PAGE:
RABAT - Along with Arabic, French has long been one of Morocco's languages. It is the language of culture; it is the flipside of our identity -- of our double identity, if you will, which is the result of a long coexistence and exchanges between generations.
Even though Morocco has been independent from French colonialism since 1956, the French language has never left our history and even less our memory. And today, while some are trying to bury the French language into a deep grave, there seems to be a revival of interest for the language.
The demand for French lessons is growing, according to Mohamed Malki. A former teacher of French and French literature for many years, Malki was later named inspector general of French at the Moroccan education ministry. “We are in a context of globalization, internationalized economy, closer relations with the EU, the development of off-shoring... and for Morocco, French is the historic bridge to Europe.”
This argument makes sense. It follows King Hassan II’s creed to open Morocco to the world.
The French Institute of Morocco (IFM) has regional offices across the country. Their classes are fully booked, and they never lack students. “Young Moroccans are more and more eager to learn French and the demand outweighs the supply.” It’s a new reality that totally contradicts those who had prematurely announced the death of the French language.
Those who are considered responsible for the slow decline of French in Moroccan schools are the Istiqlal party, a pro-independence and pro-monarchist party with conservative and nationalist views. They were the first to lead a crusade against French, while advocating massive Arabization. The Istiqlal lead its vigorous and politicized – quasi-ideological – campaign for decades. The arabization process created a rift between two opposing worlds and a new generation that can’t speak either French or Arabic properly. This rift, born of an extreme ideology, bears the responsibility of the current cultural divide that the Arab world is experiencing.
Globalization, the digital revolution, Internet and smartphones are not Arabic appendages. As sad as it may sound, the Arabic language is not in phase with the transformation of the world. Culture today revolves around new technologies -- and the new universal languages inherent to it are English and French, and pretty soon, Chinese or Brazilian...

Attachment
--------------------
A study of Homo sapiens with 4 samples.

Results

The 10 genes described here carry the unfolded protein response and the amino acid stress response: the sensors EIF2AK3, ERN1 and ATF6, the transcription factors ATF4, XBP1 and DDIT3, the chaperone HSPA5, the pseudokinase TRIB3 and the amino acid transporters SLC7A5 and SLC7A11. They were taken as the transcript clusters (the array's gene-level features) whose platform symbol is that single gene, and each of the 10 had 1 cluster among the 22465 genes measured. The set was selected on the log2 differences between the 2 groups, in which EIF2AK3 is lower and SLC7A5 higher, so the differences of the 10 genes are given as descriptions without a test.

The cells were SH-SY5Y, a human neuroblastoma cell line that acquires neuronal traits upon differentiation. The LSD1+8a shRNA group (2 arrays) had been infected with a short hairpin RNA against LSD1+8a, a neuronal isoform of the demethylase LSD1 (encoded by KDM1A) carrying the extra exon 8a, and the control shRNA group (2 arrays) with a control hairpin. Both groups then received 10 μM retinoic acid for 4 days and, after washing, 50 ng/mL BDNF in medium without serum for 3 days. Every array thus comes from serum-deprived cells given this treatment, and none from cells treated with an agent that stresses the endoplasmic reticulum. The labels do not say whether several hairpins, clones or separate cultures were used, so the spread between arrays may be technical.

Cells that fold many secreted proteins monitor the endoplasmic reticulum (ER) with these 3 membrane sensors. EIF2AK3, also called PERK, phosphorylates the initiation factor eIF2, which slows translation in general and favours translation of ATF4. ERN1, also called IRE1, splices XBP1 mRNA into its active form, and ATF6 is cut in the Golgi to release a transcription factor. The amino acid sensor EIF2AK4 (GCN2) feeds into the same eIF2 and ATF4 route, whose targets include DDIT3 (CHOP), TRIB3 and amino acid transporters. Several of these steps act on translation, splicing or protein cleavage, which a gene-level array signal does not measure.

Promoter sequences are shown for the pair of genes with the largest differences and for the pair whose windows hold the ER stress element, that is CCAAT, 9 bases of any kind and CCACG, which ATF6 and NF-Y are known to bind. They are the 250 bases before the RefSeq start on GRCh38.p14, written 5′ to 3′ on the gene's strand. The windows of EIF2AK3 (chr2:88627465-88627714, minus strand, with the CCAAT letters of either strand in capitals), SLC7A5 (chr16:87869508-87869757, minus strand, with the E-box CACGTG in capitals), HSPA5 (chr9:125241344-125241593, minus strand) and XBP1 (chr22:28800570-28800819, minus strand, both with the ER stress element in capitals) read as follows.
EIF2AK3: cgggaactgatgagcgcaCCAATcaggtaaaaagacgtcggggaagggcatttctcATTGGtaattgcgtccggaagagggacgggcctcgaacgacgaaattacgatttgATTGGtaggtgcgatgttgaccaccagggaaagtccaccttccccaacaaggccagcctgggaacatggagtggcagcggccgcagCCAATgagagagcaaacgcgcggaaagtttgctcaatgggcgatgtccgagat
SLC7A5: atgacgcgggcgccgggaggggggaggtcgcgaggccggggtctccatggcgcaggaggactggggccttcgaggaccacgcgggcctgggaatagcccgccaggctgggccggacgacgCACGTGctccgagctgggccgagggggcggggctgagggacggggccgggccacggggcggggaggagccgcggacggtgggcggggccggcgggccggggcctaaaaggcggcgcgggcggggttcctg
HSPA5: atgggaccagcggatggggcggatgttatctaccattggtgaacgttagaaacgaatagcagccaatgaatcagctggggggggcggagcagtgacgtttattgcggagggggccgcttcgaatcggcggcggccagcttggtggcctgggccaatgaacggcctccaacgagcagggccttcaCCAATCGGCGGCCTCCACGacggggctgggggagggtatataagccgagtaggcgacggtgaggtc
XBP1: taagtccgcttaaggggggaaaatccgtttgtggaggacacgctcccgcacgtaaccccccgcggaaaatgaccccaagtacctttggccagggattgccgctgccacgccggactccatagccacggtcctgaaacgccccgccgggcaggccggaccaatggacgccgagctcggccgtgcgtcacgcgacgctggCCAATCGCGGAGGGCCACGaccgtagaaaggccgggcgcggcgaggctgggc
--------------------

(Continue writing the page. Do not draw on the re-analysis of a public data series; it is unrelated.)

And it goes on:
This brings us to King Hassan II’s other paradigm: “An illiterate today is someone who only speaks one language!” The close-minded pro-arabization advocates cannot comprehend that in this new era, we need foreign languages – English or other European languages – as a complement.
When we interviewed people for this article, we realized that contrary to what we believed, young Moroccans were very eager to learn English or French. And Spanish too. For them, foreign languages are bridges to other worlds, a necessary step for a country open toward others.
Asserting cultural identity
This is about openness but also cultural and linguistic diversity. In its fifth article, the new Moroccan Constitution stipulates such a demand:
“Article 5: Arabic remains the official language. […] Tamazight constitutes an official language as common heritage for all the Moroccans without exception […] The State also preserves the Hassani culture as an integral part of the united cultural identity of Morocco.”
Tamazight is an ethnic Berber language from central Morocco, while Hassani culture refers to the Bedouin nomadic tribes of the Sahara desert, in southern Morocco.
For the sake of a coherent and cohesive heritage, the old demon of linguistic ethnocentrism – in the form of Arabic – is trampled under the foot of the rising socio-cultural specificities and the assertion of ethnic and cultural identity.
Universalism and ethnocentrism aren’t opposite notions -- in fact, thanks to languages, they can be complementary. The revival of the French language in Morocco stems from an individual process. Officially though, there is a growing awareness of the divide between French and Arabic, even if we use both in the private and public sector.
According to Charles Fries, the French ambassador in Morocco, “the French school network in Morocco is the biggest one we have outside of France, with 32 schools and 26,000 students, of which 15,000 are Moroccan.” There was a 2.8% jump in registrations for the 2012-2013 school year, i.e. 700 new students. The French schools are jointly run by bodies affiliated to the French government (AEFE) and to the Moroccan government (OSUI). The partnership is a success.